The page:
About Schmidt Review
Those expecting another classic comedy performance from Jack Nicholson in the same fashion as As Good As It Gets will be sorely disappointed with About Schmidt, a film that if anything is a platform for Nicholson to withdraw into as opposed to devilishly project from.
Nicholson plays Warren Schmidt, a retired insurance worker who despite earning the respect of many of his workers, seems to have acquired not a single trace of wisdom on his journey to retirement. Schmidt isn’t comfortable with his family life, nor with the prospect of having infinite time on his hands, so he seeks out spiritual enlightenment on the road, using the Winnebago his wife forced him to buy, not as a life changing adventure, but as a last resort.
About Schmidt is not a comedy, it’s a hard-felt drama that is often funny because it’s easy to imagine yourself turning out like Schmidt. He acquired the good job, family, pension and all of the usual American Dream security factors but his life is still vacuous. He has everything and yet nothing. The film manipulatively exploits Schmidt as a narrator by having him write letters explaining his life to his foster African child Ndugu. The two have never met, and their situations are poles apart, and yet both are in need of help. Schmidt writes the letters as if cathartically exorcising his own inner-demons, even if both him and the audience are unsure that Ndugu even reads or understands Schmidt’s plight.
The most interesting thing that features in About Schmidt is Nicholson, and the pre-conceived notions that his celebrity persona brings to the part. You’d be forgiven for expecting Nicholson to explode into an insane rage throughout most of the film, and yet director Alexander Payne, who did a sterling job with Election, exerts a fine stamp of control on the actor, as if he encourages Nicholson to say more by doing less.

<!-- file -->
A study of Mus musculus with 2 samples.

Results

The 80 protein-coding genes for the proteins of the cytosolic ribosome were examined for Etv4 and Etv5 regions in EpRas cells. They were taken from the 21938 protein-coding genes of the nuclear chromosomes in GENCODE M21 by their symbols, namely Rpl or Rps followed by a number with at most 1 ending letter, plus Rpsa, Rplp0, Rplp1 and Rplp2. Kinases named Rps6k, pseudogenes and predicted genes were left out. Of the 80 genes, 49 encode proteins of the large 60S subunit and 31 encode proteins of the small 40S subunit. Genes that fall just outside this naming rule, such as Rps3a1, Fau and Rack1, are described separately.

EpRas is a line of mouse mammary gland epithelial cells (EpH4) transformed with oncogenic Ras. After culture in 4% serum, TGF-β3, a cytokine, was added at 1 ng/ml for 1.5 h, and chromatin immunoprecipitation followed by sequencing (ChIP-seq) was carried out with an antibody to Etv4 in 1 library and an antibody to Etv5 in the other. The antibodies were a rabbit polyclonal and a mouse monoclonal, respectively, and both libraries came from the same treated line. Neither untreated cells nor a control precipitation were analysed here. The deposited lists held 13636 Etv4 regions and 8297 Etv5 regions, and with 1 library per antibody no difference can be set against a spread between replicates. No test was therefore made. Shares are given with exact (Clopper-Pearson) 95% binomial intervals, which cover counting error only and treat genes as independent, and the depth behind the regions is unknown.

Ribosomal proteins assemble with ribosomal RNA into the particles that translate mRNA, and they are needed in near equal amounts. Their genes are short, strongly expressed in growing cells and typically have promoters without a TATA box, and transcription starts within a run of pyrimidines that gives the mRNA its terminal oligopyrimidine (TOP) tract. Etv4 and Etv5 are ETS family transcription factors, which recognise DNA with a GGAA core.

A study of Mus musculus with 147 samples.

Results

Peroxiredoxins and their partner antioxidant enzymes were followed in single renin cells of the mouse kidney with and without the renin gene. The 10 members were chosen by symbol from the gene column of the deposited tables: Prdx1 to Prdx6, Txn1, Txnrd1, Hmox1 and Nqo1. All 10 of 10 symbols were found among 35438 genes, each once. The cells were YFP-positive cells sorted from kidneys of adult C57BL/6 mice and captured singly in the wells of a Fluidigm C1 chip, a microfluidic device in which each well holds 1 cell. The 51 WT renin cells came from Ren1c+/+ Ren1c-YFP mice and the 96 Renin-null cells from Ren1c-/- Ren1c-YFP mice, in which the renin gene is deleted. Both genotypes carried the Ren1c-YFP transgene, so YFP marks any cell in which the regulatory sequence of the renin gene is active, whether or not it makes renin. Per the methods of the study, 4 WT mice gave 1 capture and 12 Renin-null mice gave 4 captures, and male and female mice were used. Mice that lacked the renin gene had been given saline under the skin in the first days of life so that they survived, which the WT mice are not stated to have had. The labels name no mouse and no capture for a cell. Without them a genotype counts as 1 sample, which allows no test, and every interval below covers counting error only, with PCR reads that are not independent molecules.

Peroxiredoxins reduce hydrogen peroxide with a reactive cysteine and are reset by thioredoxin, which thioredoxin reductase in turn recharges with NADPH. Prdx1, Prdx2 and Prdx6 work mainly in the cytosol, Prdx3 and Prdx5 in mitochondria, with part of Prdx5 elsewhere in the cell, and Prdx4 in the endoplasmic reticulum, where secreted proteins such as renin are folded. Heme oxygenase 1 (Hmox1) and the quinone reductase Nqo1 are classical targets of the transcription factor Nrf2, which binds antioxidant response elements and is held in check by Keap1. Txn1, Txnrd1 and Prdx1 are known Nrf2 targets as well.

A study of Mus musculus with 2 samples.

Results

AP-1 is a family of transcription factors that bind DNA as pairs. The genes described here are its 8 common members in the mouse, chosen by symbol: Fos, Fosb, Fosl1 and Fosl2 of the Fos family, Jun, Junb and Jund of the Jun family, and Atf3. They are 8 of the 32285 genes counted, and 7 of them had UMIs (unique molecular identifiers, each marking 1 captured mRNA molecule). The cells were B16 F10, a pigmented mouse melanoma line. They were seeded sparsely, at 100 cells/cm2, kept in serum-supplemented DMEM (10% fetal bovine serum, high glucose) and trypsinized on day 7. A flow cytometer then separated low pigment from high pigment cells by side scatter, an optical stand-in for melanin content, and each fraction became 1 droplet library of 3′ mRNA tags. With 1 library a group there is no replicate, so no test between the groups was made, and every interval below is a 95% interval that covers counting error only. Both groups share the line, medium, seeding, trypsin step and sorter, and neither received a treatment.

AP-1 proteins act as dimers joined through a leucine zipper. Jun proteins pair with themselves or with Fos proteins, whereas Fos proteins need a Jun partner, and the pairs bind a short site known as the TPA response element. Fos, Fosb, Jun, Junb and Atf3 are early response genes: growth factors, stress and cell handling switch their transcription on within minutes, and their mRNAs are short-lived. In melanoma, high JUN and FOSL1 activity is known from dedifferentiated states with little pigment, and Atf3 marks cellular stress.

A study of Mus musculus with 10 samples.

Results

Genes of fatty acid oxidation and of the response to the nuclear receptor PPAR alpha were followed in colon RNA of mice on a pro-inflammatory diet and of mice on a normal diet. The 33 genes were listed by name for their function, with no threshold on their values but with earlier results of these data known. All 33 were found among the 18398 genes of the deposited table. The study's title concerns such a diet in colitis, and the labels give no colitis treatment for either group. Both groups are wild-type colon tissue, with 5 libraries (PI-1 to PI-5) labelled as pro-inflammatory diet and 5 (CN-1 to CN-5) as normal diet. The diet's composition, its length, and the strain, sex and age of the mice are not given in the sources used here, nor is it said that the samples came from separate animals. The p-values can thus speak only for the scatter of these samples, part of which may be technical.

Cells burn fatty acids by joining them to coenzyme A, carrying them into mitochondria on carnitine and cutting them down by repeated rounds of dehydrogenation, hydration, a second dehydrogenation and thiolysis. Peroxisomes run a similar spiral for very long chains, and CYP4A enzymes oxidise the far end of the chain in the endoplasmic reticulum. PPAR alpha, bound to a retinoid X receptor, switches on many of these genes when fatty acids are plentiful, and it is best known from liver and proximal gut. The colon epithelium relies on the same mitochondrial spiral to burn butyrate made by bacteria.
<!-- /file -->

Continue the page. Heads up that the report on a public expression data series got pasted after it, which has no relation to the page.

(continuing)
At times, About Schmidt suffers from pacing issues, particularly in the bridge between the film’s second and third act, but on the whole the film doesn’t suffer by the odd reduction in dramatic flow. Performances are good in support of Nicholson, in particular Kathy Bates, who shows more of herself than usual, and Hope Davis, who provides a decent neurotic performance as Schmidt’s uncaring daughter.
About Schmidt is certainly more a character study as opposed to a road movie or comedy-drama. It’s a film that hinges completely on the belief that Nicholson can inhabit Schmidt, and thankfully he pulls it off in true Jack fashion. Whilst undeserving of an Oscar, Nicholson effortlessly carries the film on his shoulders and renders it interesting enough to make us care about Warren Schmidt, even if the characters in his life ceased worrying years ago. It’s a bittersweet study of life winding down, and is a welcome antidote from the glitz of Chicago, the teen gatherings at 8 Mile and the lengthy epics Gangs Of New York and The Two Towers.